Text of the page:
Idaṃ kho pana bhikkhave, dukkhaṃ ariyasaccaṃ: jātipi dukkhā, jarāpi dukkhā, byādhipi dukkho, maraṇampi dukkhaṃ, appiyehi sampayogo dukkho, piyehi vippayogo dukkho, yampicchaṃ na labhati tampi dukkhaṃ — saṃkhittena pañcupādānakkhandhā dukkhā.
“Now this, monks, is the noble truth of stress: Birth is stressful, aging is stressful, death is stressful; sorrow, lamentation, pain, distress, & despair are stressful; association with the unbeloved is stressful, separation from the loved is stressful, not getting what is wanted is stressful. In short, the five clinging-aggregates are stressful.”
Dhammacakkappavattana Sutta (SN 56.11)
In defining the First Noble Truth, the Buddha said that birth, sickness, old age, and death are tinged with suffering. Association with what is unpleasant and dissociation with what is pleasant are tinged with suffering. Clinging to the five aggregates (form, feeling, perception, mental fabrications, consciousness) is tinged with suffering.
Due to the emphasis on suffering in the First Noble Truth, the Buddha’s teachings are sometimes misinterpreted as pessimistically anti-life. This is due to a misguided reading of the Four Noble Truths and their relation to suffering. Some have misunderstood the First Noble Truth as “life is suffering,” which, in actuality, was never stated by the Buddha.
In the First Noble Truth, the Buddha did not assert that all life is suffering. His teachings were not anti-life. “In life, there is suffering” is a far better rendering of the first Noble Truth than “life is suffering,” which one will sometimes see in the various mistranslations available.
In the Dhammacakkappavattana Sutta, the Buddha’s first set of teachings in which he discusses the Four Noble Truths, he teaches:
jātipi dukkhā, jarāpi dukkhā, byādhipi dukkho, maraṇampi dukkhaṃ, appiyehi sampayogo dukkho, piyehi vippayogo dukkho, yampicchaṃ na labhati tampi dukkhaṃ — saṃkhittena pañcupādānakkhandhā dukkhā.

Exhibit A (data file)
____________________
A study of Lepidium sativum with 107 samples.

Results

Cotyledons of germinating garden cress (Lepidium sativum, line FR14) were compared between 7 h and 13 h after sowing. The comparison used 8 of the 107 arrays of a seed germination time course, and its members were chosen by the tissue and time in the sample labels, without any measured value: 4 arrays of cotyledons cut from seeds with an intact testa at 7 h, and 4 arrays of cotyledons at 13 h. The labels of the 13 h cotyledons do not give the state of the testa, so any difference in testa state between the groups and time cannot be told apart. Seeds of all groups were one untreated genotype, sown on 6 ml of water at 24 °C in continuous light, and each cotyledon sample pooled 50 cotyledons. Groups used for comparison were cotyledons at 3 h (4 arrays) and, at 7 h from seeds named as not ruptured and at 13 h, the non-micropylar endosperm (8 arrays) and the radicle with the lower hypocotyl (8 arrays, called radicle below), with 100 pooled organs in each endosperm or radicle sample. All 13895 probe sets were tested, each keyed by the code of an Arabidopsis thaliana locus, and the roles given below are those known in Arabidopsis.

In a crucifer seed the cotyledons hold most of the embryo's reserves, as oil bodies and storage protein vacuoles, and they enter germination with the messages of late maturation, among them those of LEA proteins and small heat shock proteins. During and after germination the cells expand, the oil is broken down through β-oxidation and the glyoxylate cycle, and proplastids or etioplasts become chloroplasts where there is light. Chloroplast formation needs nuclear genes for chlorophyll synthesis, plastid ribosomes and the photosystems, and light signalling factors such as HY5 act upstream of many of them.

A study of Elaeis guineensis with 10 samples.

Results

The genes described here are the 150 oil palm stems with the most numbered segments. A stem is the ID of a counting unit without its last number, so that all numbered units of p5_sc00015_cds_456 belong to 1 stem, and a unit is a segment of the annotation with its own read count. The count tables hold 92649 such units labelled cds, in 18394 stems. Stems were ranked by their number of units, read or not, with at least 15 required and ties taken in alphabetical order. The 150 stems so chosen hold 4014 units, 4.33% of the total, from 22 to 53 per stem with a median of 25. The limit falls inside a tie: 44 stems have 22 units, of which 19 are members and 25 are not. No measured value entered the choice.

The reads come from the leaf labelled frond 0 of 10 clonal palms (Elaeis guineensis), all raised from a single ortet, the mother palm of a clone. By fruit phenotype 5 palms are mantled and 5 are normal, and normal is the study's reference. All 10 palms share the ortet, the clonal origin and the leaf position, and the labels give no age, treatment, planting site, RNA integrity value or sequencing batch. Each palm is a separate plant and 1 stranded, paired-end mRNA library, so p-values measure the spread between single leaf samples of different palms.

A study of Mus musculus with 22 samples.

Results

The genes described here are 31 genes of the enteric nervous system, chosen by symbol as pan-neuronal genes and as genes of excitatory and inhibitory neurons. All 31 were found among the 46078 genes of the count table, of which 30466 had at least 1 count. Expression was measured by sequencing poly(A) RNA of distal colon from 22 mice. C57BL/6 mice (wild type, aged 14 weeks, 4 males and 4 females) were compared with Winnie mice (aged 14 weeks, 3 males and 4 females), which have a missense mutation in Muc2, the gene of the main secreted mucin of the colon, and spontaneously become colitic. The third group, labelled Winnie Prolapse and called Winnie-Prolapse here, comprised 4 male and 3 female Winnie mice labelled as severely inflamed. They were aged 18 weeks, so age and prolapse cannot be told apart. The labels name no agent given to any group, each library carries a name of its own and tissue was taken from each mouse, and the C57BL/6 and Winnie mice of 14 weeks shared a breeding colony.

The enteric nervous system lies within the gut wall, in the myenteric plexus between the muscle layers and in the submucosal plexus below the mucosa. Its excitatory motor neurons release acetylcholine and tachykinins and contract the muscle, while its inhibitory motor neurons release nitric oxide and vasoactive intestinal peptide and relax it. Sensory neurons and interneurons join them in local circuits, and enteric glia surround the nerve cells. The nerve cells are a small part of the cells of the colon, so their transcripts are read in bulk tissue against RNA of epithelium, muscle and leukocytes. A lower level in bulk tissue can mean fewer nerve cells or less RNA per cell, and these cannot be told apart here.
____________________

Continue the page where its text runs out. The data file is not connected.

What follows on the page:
Breaking this down into its component parts yields the following eight simplified statements:
- jātipi dukkhā – birth is stressful
- jarāpi dukkhā – aging is stressful
- byādhipi dukkho – sickness is stressful
- maraṇampi dukkhaṃ – death is stressful
- appiyehi sampayogo dukkho – dissociation from the pleasant produces dissatisfaction
- piyehi vippayogo dukkho – association with the unpleasant produces dissatisfaction
- yampicchaṃ na labhati tampi dukkhaṃ – not getting what one wants produces dissatisfaction
- saṃkhittena pañcupādānakkhandhā dukkhā – in summary, clinging to the five aggregates produces dissatisfaction
This does not mean that all aspects of life are suffering, that there is nothing positive and only the negative. These elements of dukkha are not all encompassing and do not imply that life is filled with nothing but suffering. The First Noble Truth simply details different categories of suffering within life.
Further along in the Four Noble Truths, one sees that the Buddha stated that an end to suffering is possible, making his teachings life-affirming rather than anti-life. Freedom from suffering is possible in this very lifetime.